Company Name CA
Root certificate authority
Expires: Sunday, December 7, 2020 17:02:50 Pacific Standard Time
"Company Name CA" certificate is not trusted

Reading other Q&A this seems bad

Employer wants me to install root certificate to work remotely - privacy concerns?

Basically when I'm on their network they can read all my internet traffic. Not that I expect them to do that, it's a small non IT company. But still, I don't like the idea.

For now I'll setup a VM and install the root cert in that and use the VM solely to access their site.

My question though is: Is their some solution they could have used that would limit things so that their root cert only works with their domain / IP address rather than having it be a root cert and all the issues that entails?

Given that authentication happens with their client cert I'm guessing the root cert is only needed to validate the client cert. If so is their some other way they could have/should have generated a client cert that wouldn't require me installing a root cert?

  • Are they doing some form of inspection on all https traffic, or did they just install their own self-signed cert for their website? – Steve Sether Jun 19 '18 at 15:07
  • I doubt this particular company is inspecting traffic and of course their cert would only allow them to inspect traffic while they are in the middle (as in I'm visiting their office and on their wifi or VPN). That said it feels a little like someone asking for my bank account password and promising only to use it to put money in. My answer to them should be "no you can't have my bank account password". Similarly it feels like my answer here should be "No, I will not install your root cert on my personal machine". (hence the VM) but would love to know less heavy solution for them (or others). – gman Jun 19 '18 at 15:50
  • I'd agree with you if it's just their one website, and I wouldn't do it either. Installing a root cert means you not only trust the organization, but also trust their security to be extremely high. You should be able to click into the advanced settings when you hit a self-signed site and import just the website certificate into your browser. I was able to do this on badssl.com – Steve Sether Jun 19 '18 at 16:25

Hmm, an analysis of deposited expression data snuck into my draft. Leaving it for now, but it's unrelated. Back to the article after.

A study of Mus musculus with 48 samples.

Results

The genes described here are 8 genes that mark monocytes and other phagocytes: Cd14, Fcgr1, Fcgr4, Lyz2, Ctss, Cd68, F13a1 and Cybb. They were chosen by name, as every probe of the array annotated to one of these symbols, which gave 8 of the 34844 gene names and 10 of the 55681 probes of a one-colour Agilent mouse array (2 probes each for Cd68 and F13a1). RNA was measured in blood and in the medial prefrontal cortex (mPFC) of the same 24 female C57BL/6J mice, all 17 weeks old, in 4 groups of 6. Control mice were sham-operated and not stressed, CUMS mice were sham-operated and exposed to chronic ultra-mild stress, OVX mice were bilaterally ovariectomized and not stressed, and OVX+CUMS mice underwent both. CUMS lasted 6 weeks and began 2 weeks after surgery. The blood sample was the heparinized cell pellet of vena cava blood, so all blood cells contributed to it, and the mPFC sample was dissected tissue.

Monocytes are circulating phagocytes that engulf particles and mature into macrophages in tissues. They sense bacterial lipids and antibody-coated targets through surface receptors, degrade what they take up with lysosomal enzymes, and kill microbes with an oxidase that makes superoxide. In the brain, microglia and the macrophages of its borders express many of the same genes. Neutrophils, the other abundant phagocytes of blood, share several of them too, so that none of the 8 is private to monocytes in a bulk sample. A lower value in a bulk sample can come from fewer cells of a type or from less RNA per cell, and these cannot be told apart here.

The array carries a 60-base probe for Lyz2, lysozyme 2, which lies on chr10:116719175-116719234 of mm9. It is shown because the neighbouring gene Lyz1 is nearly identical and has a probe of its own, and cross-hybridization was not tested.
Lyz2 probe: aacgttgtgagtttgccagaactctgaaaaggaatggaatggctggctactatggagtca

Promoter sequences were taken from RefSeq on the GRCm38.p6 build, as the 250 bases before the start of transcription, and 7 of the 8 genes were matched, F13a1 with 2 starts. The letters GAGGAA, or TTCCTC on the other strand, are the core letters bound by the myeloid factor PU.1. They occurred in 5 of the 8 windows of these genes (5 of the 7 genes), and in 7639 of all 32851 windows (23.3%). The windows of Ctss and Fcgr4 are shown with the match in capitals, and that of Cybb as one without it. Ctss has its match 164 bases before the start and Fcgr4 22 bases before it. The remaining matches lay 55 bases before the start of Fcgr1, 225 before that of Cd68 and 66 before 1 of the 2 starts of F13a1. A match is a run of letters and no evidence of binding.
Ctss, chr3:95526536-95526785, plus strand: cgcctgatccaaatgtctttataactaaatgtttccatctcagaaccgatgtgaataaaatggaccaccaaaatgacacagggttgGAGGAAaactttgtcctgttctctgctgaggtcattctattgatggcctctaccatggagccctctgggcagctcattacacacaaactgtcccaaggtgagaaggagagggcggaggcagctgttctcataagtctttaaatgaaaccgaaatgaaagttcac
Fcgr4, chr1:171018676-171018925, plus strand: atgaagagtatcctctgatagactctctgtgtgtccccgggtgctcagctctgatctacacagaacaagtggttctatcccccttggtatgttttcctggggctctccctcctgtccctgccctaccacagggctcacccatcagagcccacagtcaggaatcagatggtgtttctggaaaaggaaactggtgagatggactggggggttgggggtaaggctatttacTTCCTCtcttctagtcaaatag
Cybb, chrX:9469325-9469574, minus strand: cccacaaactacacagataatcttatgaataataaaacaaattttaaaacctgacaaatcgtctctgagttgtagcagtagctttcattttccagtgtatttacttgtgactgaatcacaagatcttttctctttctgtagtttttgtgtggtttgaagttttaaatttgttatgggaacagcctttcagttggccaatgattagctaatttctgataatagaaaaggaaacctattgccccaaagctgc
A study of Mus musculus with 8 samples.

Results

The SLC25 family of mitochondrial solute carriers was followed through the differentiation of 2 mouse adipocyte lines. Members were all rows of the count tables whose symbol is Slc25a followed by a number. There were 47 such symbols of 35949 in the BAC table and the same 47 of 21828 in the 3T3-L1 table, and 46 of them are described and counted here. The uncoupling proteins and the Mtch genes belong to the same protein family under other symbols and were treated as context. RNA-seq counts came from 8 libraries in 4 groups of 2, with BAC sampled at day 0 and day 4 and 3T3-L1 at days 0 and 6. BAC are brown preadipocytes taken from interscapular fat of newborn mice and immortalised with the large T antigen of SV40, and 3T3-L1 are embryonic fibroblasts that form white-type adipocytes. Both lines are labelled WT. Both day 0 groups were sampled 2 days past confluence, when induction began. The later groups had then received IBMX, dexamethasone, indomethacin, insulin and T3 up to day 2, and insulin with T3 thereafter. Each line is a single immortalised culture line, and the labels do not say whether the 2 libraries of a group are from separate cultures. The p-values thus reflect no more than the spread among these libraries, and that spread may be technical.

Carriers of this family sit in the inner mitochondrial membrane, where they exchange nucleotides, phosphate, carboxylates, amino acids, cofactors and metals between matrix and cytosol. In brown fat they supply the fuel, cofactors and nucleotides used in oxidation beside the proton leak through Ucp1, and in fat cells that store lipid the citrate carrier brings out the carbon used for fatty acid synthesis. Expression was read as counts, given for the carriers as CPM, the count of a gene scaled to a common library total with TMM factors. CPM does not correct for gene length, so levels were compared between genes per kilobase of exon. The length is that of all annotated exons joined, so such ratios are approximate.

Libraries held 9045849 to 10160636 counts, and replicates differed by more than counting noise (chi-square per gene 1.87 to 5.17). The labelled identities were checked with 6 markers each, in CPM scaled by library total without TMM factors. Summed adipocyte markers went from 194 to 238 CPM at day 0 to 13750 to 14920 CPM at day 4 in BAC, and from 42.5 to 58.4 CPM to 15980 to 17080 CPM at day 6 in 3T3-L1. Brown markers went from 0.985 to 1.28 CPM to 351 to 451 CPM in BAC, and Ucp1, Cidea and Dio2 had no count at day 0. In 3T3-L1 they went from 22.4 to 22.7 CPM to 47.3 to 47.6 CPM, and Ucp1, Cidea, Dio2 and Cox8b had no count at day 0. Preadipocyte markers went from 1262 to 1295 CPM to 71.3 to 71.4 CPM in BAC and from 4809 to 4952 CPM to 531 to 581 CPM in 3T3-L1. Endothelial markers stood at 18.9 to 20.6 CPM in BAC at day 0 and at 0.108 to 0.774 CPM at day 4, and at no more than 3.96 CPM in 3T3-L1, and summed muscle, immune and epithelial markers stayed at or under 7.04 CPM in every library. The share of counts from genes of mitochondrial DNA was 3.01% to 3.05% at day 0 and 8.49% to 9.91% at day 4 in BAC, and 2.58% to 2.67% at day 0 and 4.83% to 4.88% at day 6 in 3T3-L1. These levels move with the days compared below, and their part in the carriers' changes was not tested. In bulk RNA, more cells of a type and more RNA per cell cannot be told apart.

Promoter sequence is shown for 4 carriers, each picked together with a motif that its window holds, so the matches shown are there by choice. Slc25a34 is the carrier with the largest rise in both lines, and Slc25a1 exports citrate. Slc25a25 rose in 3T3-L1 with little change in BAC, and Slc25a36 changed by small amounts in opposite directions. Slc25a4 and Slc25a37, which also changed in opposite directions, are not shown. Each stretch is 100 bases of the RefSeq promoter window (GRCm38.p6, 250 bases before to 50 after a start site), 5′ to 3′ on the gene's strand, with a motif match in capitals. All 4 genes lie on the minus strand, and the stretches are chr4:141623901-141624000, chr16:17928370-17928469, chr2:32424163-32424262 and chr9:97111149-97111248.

• AFAIK Chrome on Mac doesn't have a way to import certs. It just defers to the OSes cert system. I see no option to import the cert in Chrome having clicked Advanced on the warning page. Switching to Firefox I found that I can create multiple profiles and firefox manages certs by profile so I can add the cert to just a single profile. Verified it doesn't exist in the other profiles. Switching profiles is more of a pain than Chrome but no VM required – gman Jun 20 '18 at 3:24

openssl x509 -pubkey < "pubkey.pem" | openssl pkey -pubin -outform der | openssl dgst -sha256 -binary | base64 > "fingerprints.txt"

Then you can start Chrome from the command line with this flag:

--ignore-certificate-errors-spki-list=$(cat fingerprints.txt)

Then chrome will treat any certificates with that fingerprint as valid and won't show the red security error in the URL bar. This will only last for as long as Chrome has that command line flag.